MOSCOW – When war broke out in eastern Ukraine, pilot Nadezhda Savchenko left her hometown to join the fight against Russia-backed separatists. Nearly two years after she was captured, then tried and convicted in Russia, she returned home to a rapturous welcome in Kiev.
Over the past two years, Savchenko became both Ukraine's national hero and Russia's best-known prisoner. Western leaders and diplomats including President Barack Obama called for her release, graffiti supporting her sprouted up and children made drawings romanticizing her image.
Ukrainian President Petro Poroshenko spoke about her case on nearly every trip abroad. When she arrived at a Kiev airport on Wednesday after being swapped for two Russian servicemen who had been imprisoned in Ukraine, a throng of journalists and well-wishers converged on her.
"Step back if you want me to say anything. I have spent two years in a small cell," snapped Savchenko, barefoot and wearing a T-shirt emblazoned with Ukraine's national trident.
Savchenko, 35, had an illustrious career in the armed forces including a stint as Ukraine's only female soldier in the peacekeeping forces in Iraq. She graduated from a prestigious air force school in 2009, which until then had been open only to men. But when the war started in April 2014 Savchenko, retired and went to the east to join the Aidar volunteer battalion.
She was captured by rebels in June 2014 amid intense fighting in the Luhansk region. After her capture, which the rebels documented and filmed, she disappeared and then resurfaced in Russian custody. Russian authorities said Savchenko crossed into Russia voluntarily and illegally, disguised as a refugee. But Savchenko says the rebels who captured her spirited her across the border and handed her over.
Russian state media used Savchenko as a poster child for alleged Ukrainian atrocities in the east. Even though there didn't seem to be any solid evidence to prove her involvement in any civilian deaths in the east, prosecutors launched a case charging that she had been a spotter who called in coordinates for a mortar attack that killed two Russian journalists.
At her first public appearance in Russia, Savchenko defiantly said she didn't recognize the authority of the Russian court and prosecutors. She went on several hunger strikes before and during her trial.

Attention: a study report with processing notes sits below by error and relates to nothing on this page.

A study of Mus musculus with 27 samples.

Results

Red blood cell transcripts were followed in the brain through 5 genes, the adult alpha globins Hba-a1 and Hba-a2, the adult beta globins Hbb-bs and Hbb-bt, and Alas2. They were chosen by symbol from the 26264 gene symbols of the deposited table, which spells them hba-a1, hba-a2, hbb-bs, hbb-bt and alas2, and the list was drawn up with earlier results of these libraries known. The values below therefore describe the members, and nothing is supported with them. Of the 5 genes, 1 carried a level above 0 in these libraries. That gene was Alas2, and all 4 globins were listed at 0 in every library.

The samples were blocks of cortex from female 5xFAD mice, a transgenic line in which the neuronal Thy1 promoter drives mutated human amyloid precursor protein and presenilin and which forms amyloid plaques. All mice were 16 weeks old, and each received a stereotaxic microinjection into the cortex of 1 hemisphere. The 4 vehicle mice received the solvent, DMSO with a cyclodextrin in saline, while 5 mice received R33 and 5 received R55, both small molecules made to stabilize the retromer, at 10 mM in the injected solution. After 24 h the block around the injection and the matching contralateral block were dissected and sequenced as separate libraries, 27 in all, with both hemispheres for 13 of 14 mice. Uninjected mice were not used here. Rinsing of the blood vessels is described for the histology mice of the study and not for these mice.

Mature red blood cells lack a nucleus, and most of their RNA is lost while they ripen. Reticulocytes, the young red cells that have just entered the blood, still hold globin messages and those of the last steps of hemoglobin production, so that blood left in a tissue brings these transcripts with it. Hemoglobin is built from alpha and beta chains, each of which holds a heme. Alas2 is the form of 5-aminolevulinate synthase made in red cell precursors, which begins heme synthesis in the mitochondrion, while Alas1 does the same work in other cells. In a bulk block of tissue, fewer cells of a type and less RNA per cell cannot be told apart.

Savchenko often appeared in court in a traditional Ukrainian embroidered shirt or in blouses with the Ukrainian coat of arms or other national symbols. Despite the long incarceration, Savchenko has never complained about bad health or prison conditions, unlike her lawyers, but instead focused on using her public appearances as a chance to condemn Russian interference in Ukraine.
The defiance with which the pilot carried herself throughout the detention and the nine-month trial, calling prosecutors names and singing the Ukrainian anthem, turned her in an unrivalled national hero. A poster with her picture and a call for her release has adorned the rostrum at the Ukrainian parliament for months.
In the autumn after her capture, Savchenko was elected a member of the Ukrainian parliament and appointed to the Parliamentary Assembly of the Council of Europe.
The Ukrainian government insisted from the start that Savchenko was a prisoner of war and should be immediately released. That didn't happen because Moscow argued that Savchenko was a dangerous criminal.
While approval ratings plummeted for many Ukrainian politicians who rose to prominence in the 2013-2014 protest movement which ultimately forced President Viktor Yanukovych to flee the country, Savchenko's imprisonment became a universal cause for Ukrainians to rally around. The party of former Prime Minister Yulia Tymoshenko enlisted Savchenko to top their ballot at the 2014 parliamentary election with analysts saying Savchenko's name was a big draw for voters.
"For the whole world and Ukraine, Nadiya embodies the might of Ukraine, strength, a resistance to occupying forces and the immorality which has unfortunately flooded politics," Tymoshenko said Wednesday.
Savchenko has skirted questions about her political ambitions and didn't mention it upon arrival on Wednesday, but Tymoshenko told reporters Savchenko wants to start working right now.
"She asked me: 'Where do I need to be, where do I go to start working,'" Tymoshenko told reporters. "A strong leader has come back home, that's for sure."